By Sara Christoph for Norte Maar
Socrates Sculpture Park, internationally recognized for its large-scale sculpture and multi-media installations, partners with Norte Maar, renowned for their cross-disciplinary collaborative projects, in a new summer series that brings four New York based choreographers to the East River waterfront. Called Dance at Socrates, this program is the first residency in the park dedicated to the creation and presentation of dance.
Each choreographer will take to the stage with their dancers Monday through Friday, with the day’s rehearsal entirely within public view. Park visitors will have the chance to witness the evolution of each choreographer’s artistic practice as they watch the movements progress through the week. The “official” performances will take place on the final day of each choreographer’s residency, on Saturday afternoons throughout August, at 3 p.m.
Continuing our interviews with the choreographers, this week we shift to Edisa Weeks, who will begin her stage residency Monday, August 12th. She is the founder of Delirious Dances, a company that has been performing around Brooklyn and elsewhere for the past ten years. Her content may often be political or provocative, but Weeks’s focus as a choreographer remains on accessibility—she and her dancers have performed in apartment living rooms, storefronts and swimming pools. Below, a quick Q&A.
NM: How long have you been dancing, and when did you start choreographing?
EW: I started dancing when I was floating, kicking and squirming in my mother’s belly, and then pushed screaming into the world. My formal training began at 20, when I decided to seriously study dance by enrolling in the Alvin Ailey two-year certificate program. I thought I would dance for three, maybe five years, till I got dance out of my system, and then go to school to be a graphic designer. Twenty-seven years latter I’m still dancing.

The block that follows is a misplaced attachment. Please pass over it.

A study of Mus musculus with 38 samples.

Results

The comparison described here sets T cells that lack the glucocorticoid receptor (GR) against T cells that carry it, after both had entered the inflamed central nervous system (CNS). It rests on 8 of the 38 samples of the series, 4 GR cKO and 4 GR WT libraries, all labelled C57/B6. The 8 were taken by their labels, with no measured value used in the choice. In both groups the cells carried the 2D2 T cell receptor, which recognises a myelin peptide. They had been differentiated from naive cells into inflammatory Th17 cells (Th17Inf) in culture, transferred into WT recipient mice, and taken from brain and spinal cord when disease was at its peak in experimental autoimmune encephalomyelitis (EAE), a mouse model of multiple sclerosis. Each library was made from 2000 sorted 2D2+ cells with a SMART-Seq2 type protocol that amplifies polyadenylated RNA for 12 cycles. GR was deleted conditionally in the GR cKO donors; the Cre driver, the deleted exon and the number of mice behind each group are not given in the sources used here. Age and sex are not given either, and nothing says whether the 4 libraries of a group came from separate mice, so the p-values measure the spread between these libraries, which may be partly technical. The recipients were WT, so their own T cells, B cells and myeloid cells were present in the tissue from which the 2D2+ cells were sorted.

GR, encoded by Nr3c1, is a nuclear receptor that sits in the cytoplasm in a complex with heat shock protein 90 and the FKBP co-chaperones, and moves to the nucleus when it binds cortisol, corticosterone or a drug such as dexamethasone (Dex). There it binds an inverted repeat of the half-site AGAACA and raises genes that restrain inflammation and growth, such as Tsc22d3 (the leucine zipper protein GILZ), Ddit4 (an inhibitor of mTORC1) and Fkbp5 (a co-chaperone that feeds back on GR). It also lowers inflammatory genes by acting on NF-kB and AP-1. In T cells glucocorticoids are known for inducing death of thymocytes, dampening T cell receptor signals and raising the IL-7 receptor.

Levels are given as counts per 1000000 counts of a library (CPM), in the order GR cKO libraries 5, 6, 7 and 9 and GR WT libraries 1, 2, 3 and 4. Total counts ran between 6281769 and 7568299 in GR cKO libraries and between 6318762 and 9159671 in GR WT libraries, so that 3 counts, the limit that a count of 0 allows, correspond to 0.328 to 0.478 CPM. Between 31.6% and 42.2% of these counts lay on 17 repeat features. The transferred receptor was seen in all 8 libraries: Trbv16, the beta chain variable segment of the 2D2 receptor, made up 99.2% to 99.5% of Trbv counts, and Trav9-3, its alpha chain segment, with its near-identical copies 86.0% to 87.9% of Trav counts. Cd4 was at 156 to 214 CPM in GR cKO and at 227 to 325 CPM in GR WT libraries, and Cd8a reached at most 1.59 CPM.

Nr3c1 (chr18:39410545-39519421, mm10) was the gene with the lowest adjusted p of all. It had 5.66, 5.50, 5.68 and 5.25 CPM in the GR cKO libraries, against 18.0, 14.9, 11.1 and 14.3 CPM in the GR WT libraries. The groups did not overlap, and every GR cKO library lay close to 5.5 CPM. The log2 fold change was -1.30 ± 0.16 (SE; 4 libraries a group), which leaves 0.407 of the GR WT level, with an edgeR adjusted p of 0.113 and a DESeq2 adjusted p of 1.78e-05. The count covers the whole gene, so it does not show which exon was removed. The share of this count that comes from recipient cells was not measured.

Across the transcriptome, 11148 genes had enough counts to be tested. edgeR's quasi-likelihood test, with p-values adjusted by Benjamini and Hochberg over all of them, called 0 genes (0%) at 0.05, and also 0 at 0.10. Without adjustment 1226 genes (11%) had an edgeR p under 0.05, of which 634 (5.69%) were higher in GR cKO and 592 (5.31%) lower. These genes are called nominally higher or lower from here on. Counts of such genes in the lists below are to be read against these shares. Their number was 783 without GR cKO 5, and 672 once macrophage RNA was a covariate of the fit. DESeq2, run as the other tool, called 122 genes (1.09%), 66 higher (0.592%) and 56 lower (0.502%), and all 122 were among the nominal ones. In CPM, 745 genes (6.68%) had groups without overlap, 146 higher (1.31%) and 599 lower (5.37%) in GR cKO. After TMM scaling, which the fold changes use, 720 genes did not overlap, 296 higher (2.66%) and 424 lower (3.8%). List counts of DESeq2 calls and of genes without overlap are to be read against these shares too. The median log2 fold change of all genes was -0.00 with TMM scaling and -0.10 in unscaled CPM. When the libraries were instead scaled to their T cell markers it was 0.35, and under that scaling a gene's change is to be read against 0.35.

My very first attempt at choreographing was in ninth grade for the high school talent show, when I created a ten-minute-too-long solo about immigrating to America. It’s a memory I look back on and cringe – I apologize to anyone who saw it. I knew nothing about choreographing, had no dance training, was full of self-righteous passion, and determined to make a dance.
NM: How do you define/describe the movement that interests you?
EW: Movement that interests me is:
Quirky, Linear, Vulnerable, Ugly
Rhythmic, Expressive, Seductive, Repetitious
Athletic, Exhausting, Investigative, Personal
NM: For the project at Socrates, you’ll be completing the week-long residency on an outdoor stage in a public park. Surely people will stop to watch your choreography. How do you think this transparency will affect the final dance? Will your approach be interactive?
EW: The process of making a dance is often labor intensive, and I love the idea of exposing and sharing the collaborative, delirious, frustrating and investigative work that goes into crafting a dance. For the past ten years I’ve been exploring how to make contemporary modern dance less precious and more relevant to people’s lives. How can it be complex yet accessible? How can I give people a gift of experiencing the ordinary (or extraordinary) through dance? What are ways to engage people so they are not passively watching, but have to actively make choices? Can dance challenge the performers and the audience to take risks and fully be in the moment? These questions propelled me to dance in storefront windows, sidewalks, senior centers, offices, living rooms and bedrooms. I’m curious what possibilities and exchanges will emerge from working/dancing in Socrates Park.
NM: Is there anything specific you are thinking about in preparation for this performance, any initial thematic direction or ideas of where you’d like the movement to go?
EW: The dancers and I are recreating an old dance and in the first throes of developing a new dance. The old dance is called Manufacturing Consent and inspired by Noam Chomsky, Yvonne Rainer, and the early work of Mantovani who was a master of lushly orchestrated musac. Ideas I’d like to begin exploring in the new work and during the week-long residency are flat-footing, relentless repetition and outbursts of joy.
NM: What is up next for you? Any future projects?
EW: Continuing to develop the new work, and performing To Begin The World Over Again, an evening length work inspired by the writings of Thomas Paine. To Begin The World Over Again is a collaboration with composer Joe Phillips and features thirteen musicians, six dancers and one actor.